Teachers Shut Down the Florida State Capitol
Teachers Taking to the Streets…Again!
In a sane society, teachers wouldn’t have to protest. They would have everything they needed to do their jobs. They would have a curriculum designed to maximize their students’ potential. They would be respected as professionals…and paid as such.
Yes. That’s right. I said it. We would be paid!
Too often I see teachers and teacher advocates qualify their complaints by emphasizing that they are not protesting for the pay. This is for the kids. And it is for the kids. It’s also about the pay. As Jesse Sharkey, the President of the mighty Chicago Teachers Union, so aptly reminded us, it’s okay to respect yourself enough to demand a raise.
Dammit. I understood when I entered the field that teachers was not going to be a road to riches. At the time, however, it was a reasonable road to a secure middle class life. Today, too often, a teacher’s second job pays for them to be able to teach. That was my own story until just recently. And my story isn’t so bad. In my case, my wife’s business subsidizes my teaching while I mostly work for the insurance. My peers, however, have it much harder. Fellow teachers are waiting tables, delivering pizza, driving for Uber. I had a colleague a few months ago beside himself with a combination of rage and sadness because he can’t qualify for a mortgage.
Teachers need raises. Florida has a trillion dollar economy. If Florida were its own nation, it would be the seventeenth largest economy in the world–larger than The Netherlands. Yet Florida is 47th in the nation in average teacher pay. Consequently, surprise surprise, Florida is experiencing a teacher shortage. This is no surprise to me. For fifteen years I taught as an adjunct professor at a nearby state college (colleges exploiting adjuncts is a related story). When I started, as many as a quarter of my students were education majors. By the time I left, I rarely saw an education major in my class. When I did, every single one of them was clear that they did not plan on remaining in Florida when they start their careers.
Teachers need a raise, and it’s okay to say so.
However, teachers are not being disingenuous when they say it’s not just about the pay. It is about the kids. Florida is ground zero for school privatization experiment. Since Jeb Bush sat behind his desk in Tallahassee in 1999, every effort has been made to dismantle and demoralize public schools and public school teachers. It began with bogus “accountability” measures and high stakes testing. It continued with the loss of teacher tenure. Funds were diverted from public schools and sent to private schools in the form of vouchers (er…um…no. They’re not vouchers. They’re “scholarships.” Vouchers are illegal) and charter schools. Despite voters’ overwhelming supporting class-size amendments to the Florida constitution, class sizes continue to grow.
The goal is, and always has been, to privatize the school system. The strategy is simple. Set schools up to fail, the offer privatized alternatives. Want proof? Ask any parent why they prefer private schools over public? They will often explain that they hate the endless testing and large class sizes. In Florida, private and charter schools are exempt from state mandates for “accountability” despite receiving public funds. Ask any voucher/charter supporting politician how they justify this clear double standard and they’ll stammer and spew nonsense. The truth is there are a lot of Betsy DeVoses wringing their hands waiting for the whole system to be theirs. When that happens, we’ll have education for the wealthy, training for everyone else.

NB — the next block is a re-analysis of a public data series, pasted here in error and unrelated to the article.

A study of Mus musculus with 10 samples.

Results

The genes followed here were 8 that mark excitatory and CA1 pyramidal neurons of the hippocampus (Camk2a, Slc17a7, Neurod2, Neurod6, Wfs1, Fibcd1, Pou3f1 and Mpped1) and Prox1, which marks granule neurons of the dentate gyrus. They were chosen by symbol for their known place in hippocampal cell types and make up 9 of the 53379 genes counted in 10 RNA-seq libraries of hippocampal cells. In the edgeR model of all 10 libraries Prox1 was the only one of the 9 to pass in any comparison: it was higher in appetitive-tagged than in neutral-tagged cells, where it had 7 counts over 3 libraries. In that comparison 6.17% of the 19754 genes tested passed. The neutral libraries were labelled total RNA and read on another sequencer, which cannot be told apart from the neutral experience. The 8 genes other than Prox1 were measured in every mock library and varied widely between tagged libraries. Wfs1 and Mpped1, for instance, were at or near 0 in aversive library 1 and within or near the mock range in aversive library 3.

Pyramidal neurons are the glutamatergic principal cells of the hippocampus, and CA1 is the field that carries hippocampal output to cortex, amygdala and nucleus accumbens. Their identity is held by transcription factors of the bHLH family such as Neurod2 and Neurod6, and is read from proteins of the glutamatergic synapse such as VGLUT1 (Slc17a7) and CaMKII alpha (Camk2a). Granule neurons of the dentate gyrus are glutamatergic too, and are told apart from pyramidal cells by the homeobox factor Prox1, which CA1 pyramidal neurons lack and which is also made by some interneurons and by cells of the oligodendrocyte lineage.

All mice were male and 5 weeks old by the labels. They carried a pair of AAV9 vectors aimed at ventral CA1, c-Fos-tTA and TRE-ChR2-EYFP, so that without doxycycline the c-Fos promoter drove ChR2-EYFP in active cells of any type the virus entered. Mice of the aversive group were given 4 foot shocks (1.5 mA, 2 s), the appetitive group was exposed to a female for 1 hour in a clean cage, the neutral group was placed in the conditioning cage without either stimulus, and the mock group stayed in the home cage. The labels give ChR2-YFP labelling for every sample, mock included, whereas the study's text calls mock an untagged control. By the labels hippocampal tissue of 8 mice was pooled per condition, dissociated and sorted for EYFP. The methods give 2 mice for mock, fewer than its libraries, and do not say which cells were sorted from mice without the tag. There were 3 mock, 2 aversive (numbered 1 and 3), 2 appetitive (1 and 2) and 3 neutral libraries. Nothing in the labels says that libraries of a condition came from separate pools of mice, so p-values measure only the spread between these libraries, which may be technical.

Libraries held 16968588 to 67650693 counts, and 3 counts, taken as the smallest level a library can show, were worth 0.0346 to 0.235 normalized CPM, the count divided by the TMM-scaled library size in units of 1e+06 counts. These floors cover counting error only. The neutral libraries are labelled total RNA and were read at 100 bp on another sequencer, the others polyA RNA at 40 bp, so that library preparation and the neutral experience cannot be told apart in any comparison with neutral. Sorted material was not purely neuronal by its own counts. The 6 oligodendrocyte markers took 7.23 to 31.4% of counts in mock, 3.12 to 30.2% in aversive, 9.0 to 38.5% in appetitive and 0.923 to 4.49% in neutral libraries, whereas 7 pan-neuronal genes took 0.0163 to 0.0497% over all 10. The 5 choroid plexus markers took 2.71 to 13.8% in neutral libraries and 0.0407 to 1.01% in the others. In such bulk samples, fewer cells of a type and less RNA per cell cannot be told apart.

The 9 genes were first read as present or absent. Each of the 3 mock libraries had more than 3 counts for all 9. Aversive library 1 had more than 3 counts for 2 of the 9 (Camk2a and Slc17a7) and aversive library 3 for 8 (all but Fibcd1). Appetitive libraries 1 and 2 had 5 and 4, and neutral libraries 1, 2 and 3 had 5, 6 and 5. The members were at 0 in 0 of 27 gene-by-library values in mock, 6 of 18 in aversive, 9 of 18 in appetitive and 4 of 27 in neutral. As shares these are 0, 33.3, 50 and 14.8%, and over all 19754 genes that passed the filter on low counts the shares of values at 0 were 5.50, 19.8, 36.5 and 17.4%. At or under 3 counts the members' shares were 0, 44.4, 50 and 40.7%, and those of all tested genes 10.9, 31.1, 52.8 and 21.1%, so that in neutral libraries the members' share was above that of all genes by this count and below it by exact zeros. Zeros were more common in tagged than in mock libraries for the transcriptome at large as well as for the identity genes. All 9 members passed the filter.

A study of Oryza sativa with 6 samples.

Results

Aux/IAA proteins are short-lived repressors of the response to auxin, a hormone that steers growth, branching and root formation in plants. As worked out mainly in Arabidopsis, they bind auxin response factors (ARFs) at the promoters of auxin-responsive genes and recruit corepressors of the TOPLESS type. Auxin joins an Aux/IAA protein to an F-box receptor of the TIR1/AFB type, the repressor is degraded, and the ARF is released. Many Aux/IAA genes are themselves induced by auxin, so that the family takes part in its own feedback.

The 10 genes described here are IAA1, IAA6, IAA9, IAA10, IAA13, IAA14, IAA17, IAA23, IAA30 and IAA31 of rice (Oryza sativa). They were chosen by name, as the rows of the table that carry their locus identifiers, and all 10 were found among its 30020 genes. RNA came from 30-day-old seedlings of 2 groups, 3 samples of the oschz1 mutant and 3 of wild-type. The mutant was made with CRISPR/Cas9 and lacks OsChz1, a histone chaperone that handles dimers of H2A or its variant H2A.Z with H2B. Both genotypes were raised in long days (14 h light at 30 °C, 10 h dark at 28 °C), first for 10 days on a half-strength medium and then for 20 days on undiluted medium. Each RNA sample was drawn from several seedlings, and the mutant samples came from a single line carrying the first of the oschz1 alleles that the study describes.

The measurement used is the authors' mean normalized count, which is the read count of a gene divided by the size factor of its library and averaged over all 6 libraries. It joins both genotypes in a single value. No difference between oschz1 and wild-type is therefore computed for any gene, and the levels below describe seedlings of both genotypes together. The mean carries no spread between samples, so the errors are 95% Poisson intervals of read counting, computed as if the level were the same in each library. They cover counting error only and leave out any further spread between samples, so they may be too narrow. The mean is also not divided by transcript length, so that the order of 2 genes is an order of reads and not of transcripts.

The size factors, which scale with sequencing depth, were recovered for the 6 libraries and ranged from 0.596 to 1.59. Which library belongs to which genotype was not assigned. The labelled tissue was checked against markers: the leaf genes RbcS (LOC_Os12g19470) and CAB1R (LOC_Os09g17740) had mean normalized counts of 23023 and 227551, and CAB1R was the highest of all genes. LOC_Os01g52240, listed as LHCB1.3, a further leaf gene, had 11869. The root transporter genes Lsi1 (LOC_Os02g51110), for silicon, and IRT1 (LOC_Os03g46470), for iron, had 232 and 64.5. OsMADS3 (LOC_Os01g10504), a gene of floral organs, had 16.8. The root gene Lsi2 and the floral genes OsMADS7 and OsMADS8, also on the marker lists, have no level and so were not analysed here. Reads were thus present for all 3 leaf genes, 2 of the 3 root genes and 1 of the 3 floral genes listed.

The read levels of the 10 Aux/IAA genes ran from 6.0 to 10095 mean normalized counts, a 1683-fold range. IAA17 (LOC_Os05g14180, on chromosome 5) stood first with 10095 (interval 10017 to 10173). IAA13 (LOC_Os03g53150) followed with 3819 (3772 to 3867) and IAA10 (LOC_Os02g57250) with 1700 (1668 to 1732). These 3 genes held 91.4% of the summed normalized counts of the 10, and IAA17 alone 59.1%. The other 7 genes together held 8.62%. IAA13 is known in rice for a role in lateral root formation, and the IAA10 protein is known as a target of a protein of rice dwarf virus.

In Florida, it’s illegal for teachers to strike. Of course, in a sane society it would be unnecessary to make it illegal for teachers to be able to stand up for their self interests. But threatening teachers is the Florida MO. Polk County teachers attending the Rally in Tally were threatened with their jobs and fines if they used their personal days to attend. They showed up anyway. In Brevard County a local paper made it a point to publish a list of teachers who were attending the rally, insinuating that such teachers were derelict in their duty for abandoning their students. Of course, our state and local politicians have been abandoning Florida students for decades to bassackward education policies.
Just how long can the state and local officials continue to threaten teachers? Frankly, there’s not many of us left. Those of us who remain have had enough. We converged on the state Capitol on the first day of the legislative session and we shut it down. It was an amazing show of unity and a great call to action.
But this is only the beginning. A rally only matters if there’s follow through. Teachers are a powerful voting bloc. If we voted as a block we could force political change. We need to put the pressure on our politicians to represent teachers and support public schools as is called for in the State Constitution. Then we need to be able to communicate who among our elected leaders is acting in our interests and who is not–and vote accordingly.
I have zero objections to being upfront that it’s about job security, working conditions, and pay. And I don’t think it’s in the least disingenuous to draw a connection between job security, working conditions, pay and overall quality. There’s nothing wrong and shameful at all about wanting some basic security and comfort in your life so that one’s “calling” as an educator can be fulfilled.